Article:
From a young age, pets play a major role in many of our lives. Studies show people have a special bond with their pets, often considering them a best friend or family member.
But during end-of-life care, pets aren’t always top of mind, and terminally ill patients and their families may not have the ability or resources to care for their pets or place them after the patient’s death.
That unmet need became clear to hospice leadership at Janesville, Wis.-based Mercy Health System after conversations with various hospice patients and families.
Those conversations were the catalyst for Mercy Hospice’s Pet Peace of Mind program. Developed in partnership with Banfield Charitable Trust, the program supports the relationship between patients and their pets during the patients’ time in hospice, and offers relief during this difficult period.
“Hospice’s goal is to support a compassionate, respectful end-of-life process,” says Mercy Health System President and CEO Javon R. Bea. “Pets offer unconditional love, acceptance and companionship during a time when terminally ill patients need it most. Our goal is to keep pets and their families together by providing volunteers to help hospice patients with their pet care needs.”
Since Mercy Hospice rolled out the program in 2012, volunteers have cared for nearly 40 pets. They accept dogs, cats, birds, fish – just about any legal pet. Volunteers are trained and provide services that cover the continuum of pet care, from daily chores like walking and feeding, to taking pets to the vet and providing placement for the pet after the owner’s death.
The hospice volunteers’ involvement in Pet Peace of Mind earned Mercy Health System a 2014 AHA Hospital Awards for Volunteer Excellence or HAVE Award for community service programs. The awards honor exceptional volunteer efforts that provide distinguished service to hospitals, patients and communities.
Banfield Charitable Trust came up with idea for Pet Peace of Mind. The non-profit organization leads a variety of initiatives in support of pets and began working with hospices on the program in 2009. It has 100 partner non-profit hospices in its network, and another 300 in the pipeline who have expressed interest in starting their own programs.
“When people hear about the program, the perception can be why is hospice getting into the pet care world? But it’s really about extending hospice services,” says Dianne McGill, executive director and CEO of Banfield Charitable Trust. “It is hospice’s basic mission to provide support for the entire family network. For some hospice patients, their family is furry or feathered.”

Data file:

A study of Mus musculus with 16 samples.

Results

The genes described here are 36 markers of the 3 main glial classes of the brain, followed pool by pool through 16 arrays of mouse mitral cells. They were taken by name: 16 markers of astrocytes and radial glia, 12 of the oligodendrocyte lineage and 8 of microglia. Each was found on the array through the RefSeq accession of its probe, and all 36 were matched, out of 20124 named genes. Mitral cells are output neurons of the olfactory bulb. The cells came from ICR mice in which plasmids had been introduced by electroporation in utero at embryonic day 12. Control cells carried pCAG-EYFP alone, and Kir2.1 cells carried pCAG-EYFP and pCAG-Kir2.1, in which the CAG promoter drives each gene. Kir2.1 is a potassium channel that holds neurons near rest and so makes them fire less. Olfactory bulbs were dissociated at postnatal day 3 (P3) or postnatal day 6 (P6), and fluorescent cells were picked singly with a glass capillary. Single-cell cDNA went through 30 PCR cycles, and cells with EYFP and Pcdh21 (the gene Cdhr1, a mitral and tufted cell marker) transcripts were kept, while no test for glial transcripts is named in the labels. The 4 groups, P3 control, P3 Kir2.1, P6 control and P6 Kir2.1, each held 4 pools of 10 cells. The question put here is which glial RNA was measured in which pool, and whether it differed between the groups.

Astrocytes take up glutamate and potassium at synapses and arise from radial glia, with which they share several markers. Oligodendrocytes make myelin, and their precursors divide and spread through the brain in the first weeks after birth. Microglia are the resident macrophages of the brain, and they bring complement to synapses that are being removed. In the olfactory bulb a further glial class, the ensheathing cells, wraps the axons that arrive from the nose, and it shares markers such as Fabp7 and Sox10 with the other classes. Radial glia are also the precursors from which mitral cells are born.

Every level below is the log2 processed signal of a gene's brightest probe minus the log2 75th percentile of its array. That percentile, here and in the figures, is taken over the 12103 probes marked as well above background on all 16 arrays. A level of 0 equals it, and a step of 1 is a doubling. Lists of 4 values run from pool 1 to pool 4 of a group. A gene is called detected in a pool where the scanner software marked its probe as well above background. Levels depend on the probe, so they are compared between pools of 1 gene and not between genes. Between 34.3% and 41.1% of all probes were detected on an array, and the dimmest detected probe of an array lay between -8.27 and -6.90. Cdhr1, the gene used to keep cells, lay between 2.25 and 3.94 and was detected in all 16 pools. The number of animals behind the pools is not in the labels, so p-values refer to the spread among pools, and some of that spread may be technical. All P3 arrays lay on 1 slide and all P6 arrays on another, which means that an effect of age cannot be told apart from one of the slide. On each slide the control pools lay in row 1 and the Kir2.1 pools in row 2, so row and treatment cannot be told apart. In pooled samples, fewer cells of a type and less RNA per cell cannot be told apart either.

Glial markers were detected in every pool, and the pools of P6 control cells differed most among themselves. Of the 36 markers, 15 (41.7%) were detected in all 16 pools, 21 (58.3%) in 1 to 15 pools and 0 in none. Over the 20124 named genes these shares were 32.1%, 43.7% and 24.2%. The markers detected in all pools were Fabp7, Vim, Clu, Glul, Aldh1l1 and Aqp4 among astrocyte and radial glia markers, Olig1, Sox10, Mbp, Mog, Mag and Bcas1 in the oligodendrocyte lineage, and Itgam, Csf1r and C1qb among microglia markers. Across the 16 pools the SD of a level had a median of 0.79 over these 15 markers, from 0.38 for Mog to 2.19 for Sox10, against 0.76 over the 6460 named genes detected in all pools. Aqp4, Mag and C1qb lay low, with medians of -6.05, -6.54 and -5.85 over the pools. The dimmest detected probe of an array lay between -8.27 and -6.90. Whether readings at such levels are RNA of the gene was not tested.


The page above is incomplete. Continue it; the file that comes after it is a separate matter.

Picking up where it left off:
The service is designed to be integrated as just one of many components of hospice care. Banfield Charitable Trust works closely with non-profit hospices to tailor the program to meet their needs and capabilities. The hospice decides on the services they want to offer and how to roll out the program. In addition to a grant, Banfield Charitable Trust provides the hospice with training, materials and support.
McGill says Pet Peace of Mind has helped more people in the community come to understand and appreciate what hospice care is all about. Hospices also are connecting with potential new donor and volunteer pools that would not have otherwise existed.
“These services really make a difference in the patient’s life,” she says. “Once people discover what hospice does, donors fall in love with the hospice mission and become supporters of the entire hospice program.”
Local businesses, including pet boarding, grooming, walkers and veterinarians, can get involved with Pet Peace of Mind by volunteering, donating resources, or providing services for free or at a discounted rate.
At Mercy, they work with local animal rescue, groomers and veterinarians and are able to offer veterinary consulting services at no cost.
“Once pet providers learn of our program, they are more than happy to do whatever they can to help us with our mission of keeping patients and pets together during their hospice journey,” says Mercy Health System’s Bea.
“Every patient’s family served through the program has commented on its uniqueness, and they’re extremely thankful,” he adds. “Without assistance, most pets would not receive the necessary treatment and care they deserve.”
For more about Mercy Hospice, click here. For information on starting a Pet Peace of Mind program at your local hospice, click here. For more on the HAVE awards, visit www.aha.org, click on AHA Awards under News Center, and then go to Hospital Awards for Volunteer Excellence.